When working on my ES2 we modified a 16H piston to increase the compression ratio whilst searching for more performance. Here is what we did and how we did it.

Shortening the skirt

The first stage is to shorten the skirt by 5/16" to ensure it clears the flywheels at BDC. The simplest way to do this is to turn the skirt down in a lathe as shown in the image. 



Valve pockets need to be measured and cut individually as they will vary from one engine to the next depending on cams being used, valve timing and valve sizes. 

This picture clearly shows a larger pocket on the left (inlet).

Adding the valve pockets

The next job is to machine the valve pockets. The best way to do this is to mount the piston on an angle plate and use a fly cutter on a milling machine. This image shows the piston being clamped down to the angle plate using a length of 7/8 bar through the gudgeon pin holes and a fixed pillar at each end. This allows the piston to be removed, tested and re-fitted in exactly the same position. 

Pockets should be measured and cut as follows:
  1. Do one valve at a time, do the inlet first. Remove the exhaust pushrod so the valve stays shut.

  2. Assemble the engine and turn over slowly. If the piston and valve hit, machine a pocket approximately 0.050’’ deep.

  3. Re-assemble and check again. If they still hit remove another 0.050’’. Repeat this process until they clear each other throughout the engine's rotation.

  4. Now assemble with some Blu-Tack or similar on the piston crown and turn the engine over slowly.

  5. Remove the cylinder head being careful not to disturb the Blu-Tack.

  6. Using a vernier, measure the thickness of the Blu-Tack at its thinnest point, you may have to measure several spots to work out where the thinnest is. This bit can be fiddly, be patient and if you have to repeat the process a couple of times to be sure of results, do it. A little more work now could save a lot of problems later!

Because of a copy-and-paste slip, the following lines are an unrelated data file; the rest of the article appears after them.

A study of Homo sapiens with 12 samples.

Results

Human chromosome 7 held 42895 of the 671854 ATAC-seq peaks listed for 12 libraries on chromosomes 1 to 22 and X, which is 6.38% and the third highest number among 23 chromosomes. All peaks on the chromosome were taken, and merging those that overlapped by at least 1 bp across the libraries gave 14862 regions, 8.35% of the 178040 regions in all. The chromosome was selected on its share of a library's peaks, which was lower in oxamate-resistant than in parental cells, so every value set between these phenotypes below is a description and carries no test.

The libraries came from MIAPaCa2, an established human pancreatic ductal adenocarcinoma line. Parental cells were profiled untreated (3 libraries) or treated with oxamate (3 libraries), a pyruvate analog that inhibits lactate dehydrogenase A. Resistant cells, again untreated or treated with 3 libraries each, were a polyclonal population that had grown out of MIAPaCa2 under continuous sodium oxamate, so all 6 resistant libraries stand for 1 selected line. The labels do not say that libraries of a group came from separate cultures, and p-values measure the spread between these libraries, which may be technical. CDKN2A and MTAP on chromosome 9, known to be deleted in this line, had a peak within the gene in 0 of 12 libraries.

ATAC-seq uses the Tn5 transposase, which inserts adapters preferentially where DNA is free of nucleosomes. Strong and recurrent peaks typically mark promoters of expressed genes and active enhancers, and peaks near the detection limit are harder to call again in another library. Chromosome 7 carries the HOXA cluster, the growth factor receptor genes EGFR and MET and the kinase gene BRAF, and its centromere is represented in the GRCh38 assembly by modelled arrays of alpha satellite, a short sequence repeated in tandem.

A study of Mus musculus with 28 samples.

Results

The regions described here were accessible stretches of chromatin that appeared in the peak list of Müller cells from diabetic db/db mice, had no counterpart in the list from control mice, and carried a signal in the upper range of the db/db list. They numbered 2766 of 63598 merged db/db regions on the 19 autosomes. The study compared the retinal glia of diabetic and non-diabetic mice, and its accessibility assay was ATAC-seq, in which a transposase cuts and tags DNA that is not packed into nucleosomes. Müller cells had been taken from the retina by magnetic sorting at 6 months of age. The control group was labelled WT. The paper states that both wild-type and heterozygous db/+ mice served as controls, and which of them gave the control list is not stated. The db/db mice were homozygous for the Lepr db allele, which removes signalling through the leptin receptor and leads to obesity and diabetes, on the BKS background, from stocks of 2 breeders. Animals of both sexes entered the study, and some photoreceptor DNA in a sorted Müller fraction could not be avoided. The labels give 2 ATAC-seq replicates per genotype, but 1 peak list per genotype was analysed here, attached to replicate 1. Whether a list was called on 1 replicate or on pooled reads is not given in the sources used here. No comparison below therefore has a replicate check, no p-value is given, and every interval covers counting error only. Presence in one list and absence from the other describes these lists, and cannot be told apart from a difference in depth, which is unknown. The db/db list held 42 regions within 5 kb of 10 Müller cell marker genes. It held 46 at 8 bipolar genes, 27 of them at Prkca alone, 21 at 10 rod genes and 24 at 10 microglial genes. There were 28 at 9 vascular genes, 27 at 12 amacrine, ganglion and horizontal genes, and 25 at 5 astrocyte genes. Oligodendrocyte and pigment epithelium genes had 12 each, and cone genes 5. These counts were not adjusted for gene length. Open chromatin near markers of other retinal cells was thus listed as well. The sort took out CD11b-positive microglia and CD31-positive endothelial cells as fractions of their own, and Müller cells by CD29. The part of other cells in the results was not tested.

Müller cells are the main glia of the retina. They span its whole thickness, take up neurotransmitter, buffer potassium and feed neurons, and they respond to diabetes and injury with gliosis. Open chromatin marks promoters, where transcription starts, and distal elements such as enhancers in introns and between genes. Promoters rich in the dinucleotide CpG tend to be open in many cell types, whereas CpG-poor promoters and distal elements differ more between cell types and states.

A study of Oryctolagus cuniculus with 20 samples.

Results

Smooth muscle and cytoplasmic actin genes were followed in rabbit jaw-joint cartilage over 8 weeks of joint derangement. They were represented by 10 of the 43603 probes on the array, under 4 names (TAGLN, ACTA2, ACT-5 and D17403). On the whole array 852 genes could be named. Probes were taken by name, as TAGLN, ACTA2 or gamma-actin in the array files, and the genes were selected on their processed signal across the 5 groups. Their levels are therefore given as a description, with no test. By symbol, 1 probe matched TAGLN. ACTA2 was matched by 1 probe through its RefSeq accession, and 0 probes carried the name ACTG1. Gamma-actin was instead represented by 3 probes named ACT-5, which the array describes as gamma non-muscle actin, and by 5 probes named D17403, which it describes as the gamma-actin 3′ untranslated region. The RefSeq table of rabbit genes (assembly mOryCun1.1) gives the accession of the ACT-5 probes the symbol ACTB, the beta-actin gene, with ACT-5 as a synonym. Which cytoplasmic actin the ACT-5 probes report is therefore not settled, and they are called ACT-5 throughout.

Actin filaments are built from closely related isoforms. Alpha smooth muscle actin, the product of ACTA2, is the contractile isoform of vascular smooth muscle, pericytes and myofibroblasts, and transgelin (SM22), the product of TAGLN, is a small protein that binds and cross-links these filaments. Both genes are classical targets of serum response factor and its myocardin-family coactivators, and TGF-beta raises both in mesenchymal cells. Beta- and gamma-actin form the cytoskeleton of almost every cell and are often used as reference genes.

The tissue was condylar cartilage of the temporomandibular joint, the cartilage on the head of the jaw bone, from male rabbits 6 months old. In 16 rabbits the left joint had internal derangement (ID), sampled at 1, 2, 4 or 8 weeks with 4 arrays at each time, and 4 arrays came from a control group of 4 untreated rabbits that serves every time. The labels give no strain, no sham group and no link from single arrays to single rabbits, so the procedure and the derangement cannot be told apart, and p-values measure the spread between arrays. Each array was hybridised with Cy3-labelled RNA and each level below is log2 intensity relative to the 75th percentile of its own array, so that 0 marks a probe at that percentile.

7. Put the piston back on the milling machine and machine the pocket out so that there is 0.040’’ minimum clearance between the valve and piston at all times. It’s a good idea to aim nearer 0.050’’ but remember, the deeper the pocket the thinner the piston crown is getting. The deepest part of the pocket should be out over the skirt and rings so a blow hole is unlikely – but don’t make the crown any thinner than necessary.

  8. Once you are happy with the inlet valve pocket, repeat the process with the exhaust valve. Make sure you mark the piston so you know which way round to put it in. If using non-standard valves, cams or timing the pockets are likely to be different sizes so it’s important the piston always goes in the same way round!

A couple of things to remember when trying different pistons:
  • When selecting a piston to use it's worth considering the availability of the one you want, as well as a few over-sizes. You may need a rebore in a few years time so it would be useful to be able to get hold of an over-size piston. 

  • It’s worth checking the engine's compression ratio before and after carrying out any piston modifications. More information on how to do this can be found here. 

  • When changing or modifying pistons remember that altering the weight of a piston will affect the balance of your engine and could cause excessive vibration. Always check your balance factor before carrying out any work so that, if required, you can get back to your original figure.